After Federer’s fourth round loss in this year’s US open, the daggers have been drawn. The great Roger Federer is under an ugly media scanner. They are talking all sorts of things, since Tommy Robredo handed him a straight sets defeat at Flushing Meadow, early this month. From the moment Federer made an assessment of his performance in the match with Robredo in his post-match conference, the media clamor refuses to die down. Federer had said, “I kind of feel like I beat myself, without taking any credit away from Tommy, I kind of self-destructed… It was a frustrating performance today.” Well this was one bad day for the great Swiss who converted just two of the16 break points and made 43 unforced errors in the match. In lunging for Federer’s throat, the press guys are drawing from his even more miserable performance at this year’s Wimbledon, where he lost in the second round to an unknown Ukrainian Sergiy Stakhovsky, the world number 116.
Without wanting to consider two easy grand slam losses as stray events, the media is out to prove that Federer is over the hill. They have conveniently forgotten that in 2012, Federer found his touch to regain the No. 1 ranking, won his 17th Grand Slam title and recorded 71 match victories in different tournaments during the year with the highest winning percentage (86%). The media men have also forgotten that Roger Federer has won 5 US open titles. Only this year’s loss was too much for them.
He has had a fantastic 2012 at age 31 but they think Federer has lost everything in just one year. Writing in USA Today, columnist Chris Chase wants Roger Federer to stop playing because his athleticism is on the wane. Chris Chase assumes that 32 is an age, where a tennis player can be called old. Someone should tell him that a much less accomplished Tommy Haas is 35 and he is still close to the top-10. Just because Federer couldn’t reach a grand slam final in 2013, Chase thinks time is up for him.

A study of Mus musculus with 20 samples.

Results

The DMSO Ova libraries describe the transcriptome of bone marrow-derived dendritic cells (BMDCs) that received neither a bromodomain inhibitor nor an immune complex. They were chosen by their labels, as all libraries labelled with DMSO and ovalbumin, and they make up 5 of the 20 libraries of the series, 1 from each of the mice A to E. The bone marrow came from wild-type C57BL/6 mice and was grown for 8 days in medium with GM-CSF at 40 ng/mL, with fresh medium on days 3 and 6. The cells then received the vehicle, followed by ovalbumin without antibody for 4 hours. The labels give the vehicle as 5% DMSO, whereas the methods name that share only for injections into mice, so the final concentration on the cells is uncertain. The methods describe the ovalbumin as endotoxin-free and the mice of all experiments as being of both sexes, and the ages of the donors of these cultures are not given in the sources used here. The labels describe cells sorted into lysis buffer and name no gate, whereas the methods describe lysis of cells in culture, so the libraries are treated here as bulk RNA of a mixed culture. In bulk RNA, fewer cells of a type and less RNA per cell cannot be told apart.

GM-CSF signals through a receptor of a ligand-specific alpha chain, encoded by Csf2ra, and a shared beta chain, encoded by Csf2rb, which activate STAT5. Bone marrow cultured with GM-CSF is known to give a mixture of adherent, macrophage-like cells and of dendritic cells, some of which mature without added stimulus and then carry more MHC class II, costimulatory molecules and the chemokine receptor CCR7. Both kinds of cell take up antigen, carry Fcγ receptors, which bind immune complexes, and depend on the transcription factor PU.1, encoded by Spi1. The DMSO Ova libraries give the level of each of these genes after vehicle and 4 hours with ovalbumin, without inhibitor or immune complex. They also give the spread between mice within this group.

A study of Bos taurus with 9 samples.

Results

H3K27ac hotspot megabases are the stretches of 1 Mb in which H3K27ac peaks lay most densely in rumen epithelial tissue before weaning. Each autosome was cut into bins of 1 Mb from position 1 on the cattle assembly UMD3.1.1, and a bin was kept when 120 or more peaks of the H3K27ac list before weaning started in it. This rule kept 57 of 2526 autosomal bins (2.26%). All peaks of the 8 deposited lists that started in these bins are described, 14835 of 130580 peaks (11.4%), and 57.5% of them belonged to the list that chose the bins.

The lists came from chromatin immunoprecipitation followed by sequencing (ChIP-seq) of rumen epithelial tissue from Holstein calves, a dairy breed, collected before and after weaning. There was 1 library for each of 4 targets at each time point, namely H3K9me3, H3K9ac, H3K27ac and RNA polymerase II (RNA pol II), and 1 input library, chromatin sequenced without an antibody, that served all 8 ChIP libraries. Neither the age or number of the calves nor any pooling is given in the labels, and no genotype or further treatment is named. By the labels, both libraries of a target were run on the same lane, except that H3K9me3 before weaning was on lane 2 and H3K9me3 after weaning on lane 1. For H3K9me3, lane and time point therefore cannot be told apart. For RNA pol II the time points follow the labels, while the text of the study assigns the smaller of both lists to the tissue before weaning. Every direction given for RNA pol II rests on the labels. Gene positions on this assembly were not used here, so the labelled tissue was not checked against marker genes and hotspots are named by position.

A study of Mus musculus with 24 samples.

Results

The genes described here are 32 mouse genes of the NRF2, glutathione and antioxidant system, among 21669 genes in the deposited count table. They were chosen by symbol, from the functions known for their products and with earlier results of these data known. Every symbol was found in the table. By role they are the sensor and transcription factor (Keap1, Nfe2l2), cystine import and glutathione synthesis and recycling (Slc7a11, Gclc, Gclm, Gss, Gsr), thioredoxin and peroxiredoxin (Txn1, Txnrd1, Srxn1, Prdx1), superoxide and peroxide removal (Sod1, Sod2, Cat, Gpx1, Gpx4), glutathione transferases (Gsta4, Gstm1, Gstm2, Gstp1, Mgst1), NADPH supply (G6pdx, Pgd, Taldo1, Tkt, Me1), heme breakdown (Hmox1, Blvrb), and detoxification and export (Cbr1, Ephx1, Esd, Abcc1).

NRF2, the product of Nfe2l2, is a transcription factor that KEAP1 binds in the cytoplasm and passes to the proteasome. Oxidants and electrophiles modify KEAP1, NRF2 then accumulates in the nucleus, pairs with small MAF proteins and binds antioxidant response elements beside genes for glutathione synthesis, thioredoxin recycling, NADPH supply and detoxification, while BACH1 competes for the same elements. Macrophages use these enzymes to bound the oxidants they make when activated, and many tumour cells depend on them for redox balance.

You can’t write off guys like Roger Federer based on a couple of performances. Admittedly, he had a bad season in 2013, but he is still playing great tennis. At 32, Federer has a better game than many players in their prime. Federer himself has dismissed talks of his retirement and says he needs some work to do to come back stronger. Until about a year back, the men’s circuit had only three big names, Federer Nadal and Djokovic. These three have now been joined by Andy Murray, who has begun to play marvelous tennis, of late. Now does it mean people should suddenly stop counting Federer since he lost one or two matches? Who are the others in the same class?
Well, Roger Federer is gifted with a class of his own. As of this time, he could be hitting out wide, on more occasions than any time in the past, but it doesn’t mean he cannot control those shots with some efforts and a pep-talk by his coach. He can still dish out a booming serve, which leaves many of his opponents rooted to the ground. Ask those who have faced Federer on a tennis court.
You can’t find a guy like Federer, who has enthralled tennis fans with his impeccable on and off-court mannerisms. Everyone has to retire one day but that time has yet to come for Federer. Anyone, who is on the side of greatness, would not want to see him go just yet. Let the critics keep beating their hollow trumpets!